Sunday, July 23, 2006

Art and Auteurs

Does it seem darker than it should for July? Maybe that's because Night is falling everywhere you look.

I mean M. Night Shyamalan, of course. His latest movie "experience," Lady in the Water was out in theaters on Friday.

It seems that everyone has an opinion on Night--both his latest movie and more importantly, it seems, his "fitness" as a director and self-styled visionary. Most people that I have been reading lately seem to think that the bloom began falling off his rose when Unbreakable came out and that rose really began to wither with Signs.

A typical review along this line comes from Newsweek, which went so far as to declare that Shyamalan needs a Career Intervention.

Ross Douthat over at is more charitable to Night's fate. While admitting that his recent movies haven't lived up to the promise of The Sixth Sense, Douthat finds things to admire and support in what Shyamalan does. I think what he is saying is that he's not a hack. Maybe he's got something of an overinflated sense of self-worth, but he's got talent.

At that is where Night's problems lie. He is so convinced of his own importance that he won't take no for an answer or listen to reason. And, just as importantly, he keeps getting the money he needs to make the movies he wants to make. I give him credit for sticking to his artistic vision, but sometimes, maybe he should consider what the overall value of that vision is.

You can get some insight into this with a recent Entertainment Weekly story that excerpts the book mentioned by some anti-Night articles which chronicles his trials in making Lady in the Water. People against Night say that it displays his hubris. People supporting him probably claim that it show's his determination to make movies his way and not be cowed by losers in suits that sit behind desks. (Wouldn't Wes Anderson say the same thing?)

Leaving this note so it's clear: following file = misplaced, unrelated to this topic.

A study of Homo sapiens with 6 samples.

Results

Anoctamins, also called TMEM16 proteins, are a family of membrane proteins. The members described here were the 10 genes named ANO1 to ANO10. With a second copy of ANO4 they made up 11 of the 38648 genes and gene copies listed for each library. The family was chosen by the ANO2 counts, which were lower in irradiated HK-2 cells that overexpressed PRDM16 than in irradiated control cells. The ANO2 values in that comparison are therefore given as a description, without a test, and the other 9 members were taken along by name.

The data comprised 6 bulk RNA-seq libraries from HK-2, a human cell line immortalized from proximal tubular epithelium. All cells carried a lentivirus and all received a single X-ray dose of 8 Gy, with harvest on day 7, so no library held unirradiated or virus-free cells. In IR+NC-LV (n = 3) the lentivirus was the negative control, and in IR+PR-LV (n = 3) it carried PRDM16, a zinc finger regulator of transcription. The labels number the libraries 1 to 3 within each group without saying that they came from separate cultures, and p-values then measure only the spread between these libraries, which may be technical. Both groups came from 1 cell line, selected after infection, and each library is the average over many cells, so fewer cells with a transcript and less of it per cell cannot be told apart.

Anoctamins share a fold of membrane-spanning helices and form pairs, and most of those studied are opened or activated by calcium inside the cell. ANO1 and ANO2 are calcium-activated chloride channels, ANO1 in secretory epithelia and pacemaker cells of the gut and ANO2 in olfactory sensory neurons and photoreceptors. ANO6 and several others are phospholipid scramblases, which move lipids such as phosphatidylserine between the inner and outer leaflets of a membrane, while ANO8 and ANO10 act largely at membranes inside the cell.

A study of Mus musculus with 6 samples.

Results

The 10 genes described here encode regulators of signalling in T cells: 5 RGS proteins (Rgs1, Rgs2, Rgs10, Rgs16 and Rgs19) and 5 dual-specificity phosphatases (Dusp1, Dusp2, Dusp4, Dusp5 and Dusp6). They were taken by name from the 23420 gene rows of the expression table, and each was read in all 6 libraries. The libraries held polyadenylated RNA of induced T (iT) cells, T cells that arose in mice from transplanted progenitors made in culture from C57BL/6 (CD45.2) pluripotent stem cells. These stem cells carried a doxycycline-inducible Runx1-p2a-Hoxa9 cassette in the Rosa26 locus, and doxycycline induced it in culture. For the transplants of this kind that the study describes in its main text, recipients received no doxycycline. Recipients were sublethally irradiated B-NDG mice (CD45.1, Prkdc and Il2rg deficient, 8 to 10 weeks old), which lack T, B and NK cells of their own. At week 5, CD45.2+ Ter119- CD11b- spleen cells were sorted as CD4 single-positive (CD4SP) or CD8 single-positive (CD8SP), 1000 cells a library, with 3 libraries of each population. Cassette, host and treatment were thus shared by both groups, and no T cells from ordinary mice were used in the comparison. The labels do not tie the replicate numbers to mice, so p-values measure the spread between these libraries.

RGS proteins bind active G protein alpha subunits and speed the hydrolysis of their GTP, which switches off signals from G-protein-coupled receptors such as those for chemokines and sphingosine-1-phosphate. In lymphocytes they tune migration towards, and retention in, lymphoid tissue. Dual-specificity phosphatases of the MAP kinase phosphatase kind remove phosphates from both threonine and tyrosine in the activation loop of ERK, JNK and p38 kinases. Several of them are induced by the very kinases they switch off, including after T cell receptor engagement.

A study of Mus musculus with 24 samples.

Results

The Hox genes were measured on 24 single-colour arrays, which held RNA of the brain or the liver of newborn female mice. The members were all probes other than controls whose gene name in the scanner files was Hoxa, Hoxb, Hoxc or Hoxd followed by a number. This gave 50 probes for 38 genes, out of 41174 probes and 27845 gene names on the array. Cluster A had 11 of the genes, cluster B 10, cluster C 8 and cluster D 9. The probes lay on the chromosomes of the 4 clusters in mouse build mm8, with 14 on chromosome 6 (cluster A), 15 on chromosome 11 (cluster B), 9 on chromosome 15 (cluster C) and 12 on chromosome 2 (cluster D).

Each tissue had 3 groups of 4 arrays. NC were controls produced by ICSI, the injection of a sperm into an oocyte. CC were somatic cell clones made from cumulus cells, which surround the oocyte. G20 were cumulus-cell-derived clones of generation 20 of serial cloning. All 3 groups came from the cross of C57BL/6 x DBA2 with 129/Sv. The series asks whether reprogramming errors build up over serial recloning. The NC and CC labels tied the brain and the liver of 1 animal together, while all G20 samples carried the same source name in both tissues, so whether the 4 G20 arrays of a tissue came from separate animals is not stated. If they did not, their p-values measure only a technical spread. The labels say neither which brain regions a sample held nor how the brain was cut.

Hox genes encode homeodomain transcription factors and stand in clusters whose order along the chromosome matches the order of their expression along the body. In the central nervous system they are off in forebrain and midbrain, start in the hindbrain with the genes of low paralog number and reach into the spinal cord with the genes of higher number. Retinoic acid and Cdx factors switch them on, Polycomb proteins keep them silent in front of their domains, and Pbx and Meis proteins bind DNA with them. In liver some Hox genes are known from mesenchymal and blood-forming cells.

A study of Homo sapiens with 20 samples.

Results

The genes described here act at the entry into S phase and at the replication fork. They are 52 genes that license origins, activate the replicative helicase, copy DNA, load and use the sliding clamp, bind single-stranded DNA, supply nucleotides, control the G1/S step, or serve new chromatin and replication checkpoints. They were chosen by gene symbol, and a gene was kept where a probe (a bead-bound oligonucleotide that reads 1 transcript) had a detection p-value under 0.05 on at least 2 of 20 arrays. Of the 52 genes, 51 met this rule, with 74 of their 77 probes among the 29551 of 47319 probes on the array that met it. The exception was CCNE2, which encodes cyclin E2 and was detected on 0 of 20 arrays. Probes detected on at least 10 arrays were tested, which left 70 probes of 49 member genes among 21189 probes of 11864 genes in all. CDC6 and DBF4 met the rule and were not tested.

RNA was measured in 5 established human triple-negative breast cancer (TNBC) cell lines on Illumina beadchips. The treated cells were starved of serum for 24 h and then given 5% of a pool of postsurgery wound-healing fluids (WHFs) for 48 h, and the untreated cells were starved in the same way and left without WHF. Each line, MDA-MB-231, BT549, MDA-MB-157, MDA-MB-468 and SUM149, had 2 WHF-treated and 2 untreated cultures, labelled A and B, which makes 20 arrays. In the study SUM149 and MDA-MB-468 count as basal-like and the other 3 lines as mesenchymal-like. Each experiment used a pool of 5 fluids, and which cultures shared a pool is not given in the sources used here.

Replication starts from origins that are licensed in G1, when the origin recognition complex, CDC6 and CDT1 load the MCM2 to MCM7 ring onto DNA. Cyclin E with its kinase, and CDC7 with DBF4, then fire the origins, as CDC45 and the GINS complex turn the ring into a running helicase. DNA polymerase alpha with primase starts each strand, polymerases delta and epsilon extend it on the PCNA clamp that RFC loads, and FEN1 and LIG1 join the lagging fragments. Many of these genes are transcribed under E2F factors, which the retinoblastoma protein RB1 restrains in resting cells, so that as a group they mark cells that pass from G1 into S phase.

So, what we're getting at here is expectations, right?

If The Sixth Sense had never done well and maybe if M. Night had taken this success differently (how?), then maybe he wouldn't have been tagged with the auteur label. And then maybe expectations wouldn't have been so high for his next films and come with the resultant disappointments . . .

Is Night supposed to be a successful film-maker or is he supposed to be an auteur? Does this article make it easier or does it complicate the whole question?

What is more important . . . success or art? Respect or self-respect? And is that even the result here?

Now, once you answer that question for yourself . . . where does THIS story fit into everything?